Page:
Alcantara is a soft-to-the-touch upscale synthetic material that’s finding its way into more and more car interiors.
It looks and feels like suede leather, but it is a proprietary mixture of polyurethane, polyester and microfibers.
“Why is it unique? Because of its technological process and yet it is very emotional,” says Alcantara CEO and Chairman Andrea Boragno, who gets spirited talking about his company and its future.
“Alcantara is Alcantara, period,” he says. “We don’t need to imitate anyone.”
The company is based in Milan, Italy, and does about $250 million in business annually. It has tripled sales since 2009, while refuting the claim that a polymer looks and feels artificial.
Alcantara employs 600 people, but that will increase to 800 within three or four years because of the company’s growth spurt, says Boragno, in Detroit for a media luncheon.
Part of the company’s marketing is to tout its Italian roots, even though the technical production process was developed in Japan.
More than 75% of Alcantara sales by material volume are auto-related. The company currently produces about 8 million meters (8.7 million yards) of its material a year.
Boragno has been CEO since 2004. He holds a degree in chemical engineering but never has been a practicing chemical engineer. Still, that learning “helps me understand our process,” he says.
He sat down with WardsAuto for a Q&A. Here’s an edited version.
WardsAuto: What exactly is Alcantara?
Boragno: It is the result of a unique and proprietary technology. It was a breakthrough that took place in the 1970s. The first use was in the fashion industry. Then we moved into interior applications. And in the 1990s, we got into automotive, first with the Fiat Group (precursor to Fiat Chrysler Automobiles), then German and French automakers. In 2000, we expanded worldwide.
Very recently, we have been experiencing a lot of growth in consumer electronics. Alcantara is used on laptops and iPhone covers and headphones. Those devices are technological, but now they make a fashion statement too.
WardsAuto: Alcantara’s primary competition is leather. Both cost about the same. What’s Alcantara’s advantage over leather?
Boragno: There are a number of advantages. First, Alcantara is 50% of the weight of leather. Alcantara is warm in winter and cold in summer. It’s durable. The process for making it is environmentally sustainable.
These are important. But we can’t only stick to technical properties, because Alcantara is beautiful and emotional. You want to touch it as soon as you see it. We can customize it in a thousand different ways and patterns. And the automotive market is going more into the direction of customization.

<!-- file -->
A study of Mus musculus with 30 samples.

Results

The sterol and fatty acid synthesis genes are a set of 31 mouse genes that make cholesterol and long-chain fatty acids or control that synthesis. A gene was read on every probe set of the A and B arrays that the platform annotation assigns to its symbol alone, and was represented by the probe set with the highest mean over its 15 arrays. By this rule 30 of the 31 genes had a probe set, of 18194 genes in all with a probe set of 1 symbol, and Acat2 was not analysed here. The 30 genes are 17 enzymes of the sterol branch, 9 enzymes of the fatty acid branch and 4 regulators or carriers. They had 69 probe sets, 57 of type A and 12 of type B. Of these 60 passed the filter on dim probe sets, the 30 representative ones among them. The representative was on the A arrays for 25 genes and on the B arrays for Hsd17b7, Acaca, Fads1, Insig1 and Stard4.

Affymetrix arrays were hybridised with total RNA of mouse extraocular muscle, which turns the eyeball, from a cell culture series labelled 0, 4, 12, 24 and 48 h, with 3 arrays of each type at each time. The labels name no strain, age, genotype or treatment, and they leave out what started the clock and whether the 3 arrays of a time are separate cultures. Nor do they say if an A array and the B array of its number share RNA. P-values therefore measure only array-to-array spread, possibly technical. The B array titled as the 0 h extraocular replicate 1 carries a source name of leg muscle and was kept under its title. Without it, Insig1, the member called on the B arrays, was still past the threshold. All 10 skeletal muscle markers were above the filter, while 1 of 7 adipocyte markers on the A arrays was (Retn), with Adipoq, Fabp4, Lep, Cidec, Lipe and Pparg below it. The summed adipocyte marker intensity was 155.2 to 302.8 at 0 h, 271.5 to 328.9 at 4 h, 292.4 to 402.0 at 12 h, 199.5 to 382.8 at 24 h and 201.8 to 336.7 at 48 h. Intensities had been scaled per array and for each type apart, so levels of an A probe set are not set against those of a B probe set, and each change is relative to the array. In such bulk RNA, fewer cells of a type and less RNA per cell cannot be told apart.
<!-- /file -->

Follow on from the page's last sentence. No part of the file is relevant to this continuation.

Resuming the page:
WardsAuto: What are Alcantara’s main automotive interior applications?
Boragno: Seats, ceilings, headliner, pillars, gear shifter, along the door panels and the steering wheel. The steering wheel application is growing and growing. The percent of Alcantara used inside the car is increasing, including the trunk.
WardsAuto: Is there any place it can’t go for, practical reasons or otherwise?
Boragno: It can go anywhere.
WardsAuto: Any chance of Alcantara going into mainstream cars, or is it strictly for luxury cars?
Boragno: We already are in mid-market cars, where upgraded (trim levels) include Alcantara. We have a high penetration in the upper segment of the market, with Ferrari, Lamborghini, Maserati, Porsche. But we are in the middle market, too. OK, the use of Alcantara there is less intense, maybe one or two meters (1.09 or 2.18 yds.) vs. 15 meters (16.4 yds) per car.
WardsAuto: With success comes competition, a form of flattery. What’s your strategy in facing heightened competition from other material makers?
Boragno: Our strength is our uniqueness. We must reinforce our brand value. And obviously, in product development we must work with our customers in a timely and efficient way.
We leverage “Made in Italy.” In Asia, if you say made in Italy, it resonates more than made in China, Japan or Korea. This is a value we stress.
WardsAuto: Talk about sustainability. You are committed to it. Why do it? What’s the business case?
Boragno: We are the first Italian company to become carbon-neutral. Sustainability is becoming more important. If you embrace it, your reputation goes up.
We don’t do it just to make ourselves feel good. It fits into our business model. You have to have sustainability, especially when you approach major automakers, because they make decisions on which products to go with based on sustainability. The extra cost of sustainability is paying off for us.
WardsAuto: A material expert said at an industry conference last year that leather’s automotive days are numbered for a couple of reasons, one of them related to sustainability. Yet, a Genesis interior designer told me leather isn’t going away anytime soon. Do you foresee a day when Alcantara puts leather out of business?
Boragno: Leather has an important number of supporters. But our growth rate has been much faster than leather’s. I know for sure that Alcantara will continue to grow faster than leather.
There will be a growing demand for a sustainable product that doesn’t call for the killing of animals and then (an environmentally unfriendly) process to create a product. The production process for natural leather is very dirty.
We are the ultimate material of the future because we have functionality, emotion and sustainability.